As An Employer Are You Performing Unnecessary Criminal Background Checks?

An April 2012 ruling by the Equal Employment Opportunity Commission (EEOC) may bring hope to those with criminal histories. The EEOC has changed the rules regarding how and when criminal background checks can be used in employment screenings in the workplace. The new guidelines asks employers to consider the nature of the crime, the time that has passed since the conviction and whether or not the crime committed has any bearing on the employment position. The guidelines were created due to mounting evidence that suggests that criminal background checks can be used to discriminate against racial and ethnic minorities.

In October the EEOC alleged that Dollar General Corporation’s use of criminal background checks violated the Civil Rights Act of 1964 as it had a disparate impact on African American applicants. Legal experts suggest that employers can be held responsible even if they did not intentionally discriminate against a person or group. Employment Screening Resources reported that a major beverage company paid over $3 million and changed their policies and training procedures to resolve the EEOC charge that they discriminated against African Americans through the use of criminal background checks.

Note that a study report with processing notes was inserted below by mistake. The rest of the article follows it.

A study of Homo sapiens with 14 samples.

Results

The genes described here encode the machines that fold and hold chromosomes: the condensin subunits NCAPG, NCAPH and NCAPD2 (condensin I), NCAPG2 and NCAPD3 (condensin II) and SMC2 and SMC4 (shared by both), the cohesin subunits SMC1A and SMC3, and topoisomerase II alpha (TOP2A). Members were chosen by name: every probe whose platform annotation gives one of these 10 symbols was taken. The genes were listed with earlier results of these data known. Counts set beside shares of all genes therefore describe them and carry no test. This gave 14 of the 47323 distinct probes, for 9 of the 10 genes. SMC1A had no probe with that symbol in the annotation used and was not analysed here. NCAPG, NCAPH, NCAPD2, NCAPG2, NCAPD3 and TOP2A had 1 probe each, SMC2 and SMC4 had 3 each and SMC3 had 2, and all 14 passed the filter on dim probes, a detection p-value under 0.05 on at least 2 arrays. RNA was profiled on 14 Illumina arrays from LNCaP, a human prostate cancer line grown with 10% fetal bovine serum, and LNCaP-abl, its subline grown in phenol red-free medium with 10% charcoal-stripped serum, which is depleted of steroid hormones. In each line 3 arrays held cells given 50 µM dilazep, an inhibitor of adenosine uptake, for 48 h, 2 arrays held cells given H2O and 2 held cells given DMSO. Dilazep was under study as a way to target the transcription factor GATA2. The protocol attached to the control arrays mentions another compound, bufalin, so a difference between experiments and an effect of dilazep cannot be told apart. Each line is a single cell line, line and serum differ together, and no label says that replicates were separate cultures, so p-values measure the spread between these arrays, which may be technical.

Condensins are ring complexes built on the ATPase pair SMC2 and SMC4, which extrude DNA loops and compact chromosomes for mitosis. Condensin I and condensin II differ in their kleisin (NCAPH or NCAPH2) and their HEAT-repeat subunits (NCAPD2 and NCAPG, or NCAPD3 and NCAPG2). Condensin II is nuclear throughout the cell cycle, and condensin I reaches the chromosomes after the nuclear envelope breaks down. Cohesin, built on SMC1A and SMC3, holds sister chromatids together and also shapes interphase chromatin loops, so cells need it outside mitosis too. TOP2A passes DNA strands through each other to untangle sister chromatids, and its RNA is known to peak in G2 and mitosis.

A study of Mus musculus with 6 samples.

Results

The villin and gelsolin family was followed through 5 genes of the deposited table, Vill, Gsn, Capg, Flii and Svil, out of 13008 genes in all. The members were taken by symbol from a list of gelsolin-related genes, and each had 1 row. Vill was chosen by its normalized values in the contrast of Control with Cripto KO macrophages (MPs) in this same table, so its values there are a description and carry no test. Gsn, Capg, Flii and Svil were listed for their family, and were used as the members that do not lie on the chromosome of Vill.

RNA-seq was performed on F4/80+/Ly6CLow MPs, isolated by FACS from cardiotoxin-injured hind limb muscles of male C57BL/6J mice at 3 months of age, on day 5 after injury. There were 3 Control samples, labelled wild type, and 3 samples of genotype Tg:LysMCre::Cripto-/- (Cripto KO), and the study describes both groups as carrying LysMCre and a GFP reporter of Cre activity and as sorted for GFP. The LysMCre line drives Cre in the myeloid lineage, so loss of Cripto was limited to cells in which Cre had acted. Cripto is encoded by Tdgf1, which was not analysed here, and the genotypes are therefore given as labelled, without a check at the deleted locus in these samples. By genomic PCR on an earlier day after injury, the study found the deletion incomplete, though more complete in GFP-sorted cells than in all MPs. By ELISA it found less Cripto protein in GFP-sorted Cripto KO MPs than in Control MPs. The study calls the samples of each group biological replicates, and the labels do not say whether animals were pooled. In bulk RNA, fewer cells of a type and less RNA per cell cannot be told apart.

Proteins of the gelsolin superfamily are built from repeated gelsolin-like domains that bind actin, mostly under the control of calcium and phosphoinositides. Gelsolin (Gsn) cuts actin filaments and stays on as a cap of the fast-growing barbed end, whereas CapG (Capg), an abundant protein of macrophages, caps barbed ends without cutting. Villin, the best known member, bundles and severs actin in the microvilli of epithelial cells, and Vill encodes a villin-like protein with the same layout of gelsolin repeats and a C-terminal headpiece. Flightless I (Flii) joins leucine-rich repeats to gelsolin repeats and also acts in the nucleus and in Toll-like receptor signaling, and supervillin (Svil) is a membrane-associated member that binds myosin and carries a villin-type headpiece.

The ruling seems to have had an effect with a rise in complaints about criminal history discrimination as well as a decrease in businesses conducting mandatory criminal background checks on all potential employees. In order to protect your business we suggest that as an employer you keep a record of all criminal background checks performed and your justification for both reviewing the applicant’s criminal background as well as acting upon that information. As an employer you do have the right to screen employees in order to keep the workplace safe, fight theft and protect the safety and security of your customers.